Oooo-eee, I'm about to open a whole can of worms with this post.
Now that Cole's starting to get a wee bit older, we're starting to venture into that great unknown territory know as Discipline.
Few words in the English language attract more discussion than the word DISCIPLINE. As a society, we're quick to pass judgements regarding the subject - "Oh, that child just needs someone to discipline him!" "Wow, not the way that I would discipline!" "Give her a spanking, THEN she'll know how to behave!"
My problem is with the word "discipline". Too often I think our society mixes up "discipline" with meaning "punishment" - usually spanking or time-outs. Discipline, in fact, has nothing to do with any sort of punishment. It means to teach. Kids are not born knowing how to behave appropriately, and they are not born with perfect impulse control. Discipline is pro-active - it's giving warnings, it's explaining, it's helping your child know exact consequences for any misbehavior.
Punishment is done AFTER the fact - such as spanking.
Which brings me to ...dum dum duuuuuummm...we are not planning on spanking our children.
And no, we are not going to be one of those families in Walmart with screaming children who are using Whiffle bats to hit their parents. Not choosing to spank DOES NOT mean not choosing to discipline and punish.
While there are many reasons we have for choosing not to spank, here are some of them:
1. Hitting is wrong. Hitting is not how you deal with problems. It is not ok to hit anyone, ever. If Chris was upset with something I was doing, would it be acceptable for him to hit me? Of course not. HOW does it make sense to spank someone, a child, to teach them? It seems so counter-intuitive to me. There are so many other options for discipline. Most parents who do choose to spank (over 65% of parents spank) do so not necessarily because they LOVE spanking, but because they don't know what else to do. They are at a loss as to how to discipline, so they resort to punishment.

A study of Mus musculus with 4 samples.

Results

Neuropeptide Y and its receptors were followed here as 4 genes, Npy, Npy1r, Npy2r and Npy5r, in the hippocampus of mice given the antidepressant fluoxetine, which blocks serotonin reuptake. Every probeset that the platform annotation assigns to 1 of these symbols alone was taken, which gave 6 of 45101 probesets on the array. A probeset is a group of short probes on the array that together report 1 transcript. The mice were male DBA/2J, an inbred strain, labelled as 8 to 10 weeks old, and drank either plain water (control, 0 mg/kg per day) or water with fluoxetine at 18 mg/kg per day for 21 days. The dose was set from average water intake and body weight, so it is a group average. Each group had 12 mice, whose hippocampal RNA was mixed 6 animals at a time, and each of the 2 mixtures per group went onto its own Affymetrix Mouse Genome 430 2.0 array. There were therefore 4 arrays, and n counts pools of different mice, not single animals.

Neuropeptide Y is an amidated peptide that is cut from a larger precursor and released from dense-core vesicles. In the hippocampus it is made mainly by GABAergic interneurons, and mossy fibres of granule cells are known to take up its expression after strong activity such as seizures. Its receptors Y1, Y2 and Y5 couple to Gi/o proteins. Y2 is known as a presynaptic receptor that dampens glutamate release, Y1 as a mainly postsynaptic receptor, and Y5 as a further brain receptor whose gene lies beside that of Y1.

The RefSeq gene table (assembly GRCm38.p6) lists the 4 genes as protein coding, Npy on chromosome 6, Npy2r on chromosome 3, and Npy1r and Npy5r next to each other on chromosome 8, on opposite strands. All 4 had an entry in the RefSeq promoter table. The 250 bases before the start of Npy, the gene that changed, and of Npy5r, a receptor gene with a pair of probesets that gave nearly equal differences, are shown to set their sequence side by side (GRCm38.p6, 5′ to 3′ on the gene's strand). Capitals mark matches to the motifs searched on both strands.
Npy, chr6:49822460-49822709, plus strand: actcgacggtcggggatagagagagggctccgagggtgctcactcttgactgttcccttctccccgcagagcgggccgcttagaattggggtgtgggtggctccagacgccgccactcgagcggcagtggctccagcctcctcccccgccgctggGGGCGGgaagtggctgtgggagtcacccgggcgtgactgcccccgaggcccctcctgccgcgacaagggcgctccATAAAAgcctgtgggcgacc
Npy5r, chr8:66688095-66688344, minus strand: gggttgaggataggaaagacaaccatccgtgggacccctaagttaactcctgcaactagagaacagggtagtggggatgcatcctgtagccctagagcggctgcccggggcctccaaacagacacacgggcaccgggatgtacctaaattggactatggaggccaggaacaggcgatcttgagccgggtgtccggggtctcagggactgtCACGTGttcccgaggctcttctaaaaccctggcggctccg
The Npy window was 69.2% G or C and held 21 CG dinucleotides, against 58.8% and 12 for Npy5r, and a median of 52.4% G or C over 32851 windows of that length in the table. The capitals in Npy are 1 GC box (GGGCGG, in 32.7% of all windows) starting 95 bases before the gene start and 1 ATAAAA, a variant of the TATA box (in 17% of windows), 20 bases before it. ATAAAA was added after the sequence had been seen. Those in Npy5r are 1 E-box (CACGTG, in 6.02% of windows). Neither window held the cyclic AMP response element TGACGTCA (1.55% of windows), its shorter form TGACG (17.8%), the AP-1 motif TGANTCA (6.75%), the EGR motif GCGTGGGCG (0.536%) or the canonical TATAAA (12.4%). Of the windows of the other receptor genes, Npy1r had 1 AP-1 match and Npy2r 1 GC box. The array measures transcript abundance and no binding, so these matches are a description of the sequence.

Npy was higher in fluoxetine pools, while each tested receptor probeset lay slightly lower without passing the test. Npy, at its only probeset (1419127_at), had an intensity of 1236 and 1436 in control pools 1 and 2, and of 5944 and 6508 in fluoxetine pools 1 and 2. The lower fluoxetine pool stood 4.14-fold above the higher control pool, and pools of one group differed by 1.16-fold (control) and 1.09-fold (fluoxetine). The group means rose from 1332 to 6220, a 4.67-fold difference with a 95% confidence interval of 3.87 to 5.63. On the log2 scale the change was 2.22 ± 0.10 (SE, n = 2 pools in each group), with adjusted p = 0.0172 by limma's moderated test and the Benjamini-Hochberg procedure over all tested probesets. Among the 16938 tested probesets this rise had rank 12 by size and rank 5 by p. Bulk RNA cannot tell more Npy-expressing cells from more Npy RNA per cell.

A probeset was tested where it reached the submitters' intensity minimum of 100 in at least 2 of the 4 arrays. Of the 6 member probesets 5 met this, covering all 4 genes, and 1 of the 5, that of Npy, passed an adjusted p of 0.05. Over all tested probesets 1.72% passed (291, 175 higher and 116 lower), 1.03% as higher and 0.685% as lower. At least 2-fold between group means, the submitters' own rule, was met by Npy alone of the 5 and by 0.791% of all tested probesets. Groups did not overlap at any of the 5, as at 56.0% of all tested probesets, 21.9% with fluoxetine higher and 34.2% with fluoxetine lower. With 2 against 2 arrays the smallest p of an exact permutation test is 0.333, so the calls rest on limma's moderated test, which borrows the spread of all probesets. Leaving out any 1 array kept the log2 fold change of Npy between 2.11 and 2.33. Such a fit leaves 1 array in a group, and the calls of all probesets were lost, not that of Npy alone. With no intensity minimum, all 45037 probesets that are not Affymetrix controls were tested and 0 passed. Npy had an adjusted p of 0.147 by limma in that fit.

2. It is not ok for hitting/spanking to be used as punishment in any setting other than at home. If you are forced to hit your child to get them to "behave", how on earth are they expected to behave in places where spanking is not allowed?
3. Every single parenting expert I have ever read denounces spanking, with the exception of two. And those two parenting experts said spanking was ok to use sparingly, as long as it is performed calmly and without anger or frustration. Have you EVER seen anyone spank who is NOT angry or frustrated? It's impossible.
4. The majority of child abuse cases begin with a spanking. Not that I would EVER abuse my child, but it's still something to think about. An extreme situation of that is described here.
5. Flat out, spanking does not work. It is not a long term solution, but a short term solution. More on that is chronicled here.
6. "I was spanked as a child, and I turned out just fine!" Truly, one of the most common arguments for spanking I hear. Chris and I were both spanked (infrequently) as children, and I like to think we turned out pretty darn good! In fact, I delayed writing this post because I didn't want our parents to feel critized for their choice in spanking us. They absolutely did what they thought was best at the time. However, my parents didn't wear seatbelts growing up - the research on seatbelt safety simply wasn't around back then. Does that mean they didn't make us wear seatbelts, because they didn't and they turned out just fine? Of course not. Research for parenting is evolving and growing just like research for anything else - just because Chris and I as parents make different choices than the previous generation doesn't mean we don't love and appreciate how our parents raised us.
7. Picture this. Your child is one year old and just learning to walk. He takes a couple steps, but falls down. Would you spank your child for falling? No, of course not. He's learning, it will take time to practice and figure out these new skills. The same goes for behavior - kids are not born knowing how to behave appropriately. It takes practice and learning to control emotions, channel overwhelming feelings in socially acceptable ways. Spanking does not teach the child what to do instead.
Do I think that spanking Cole will automatically turn him into a violent, playground bully who thinks hitting is the only way to solve any problem? Of course not. And I'm not going to pretend that the thought will never cross my mind, to give him a quick swat on the bottom.
But my goal as a parent is to do the very best I can for my child - and spanking may not be the VERY BEST choice for us.
Tell me, what's your opinion about spanking?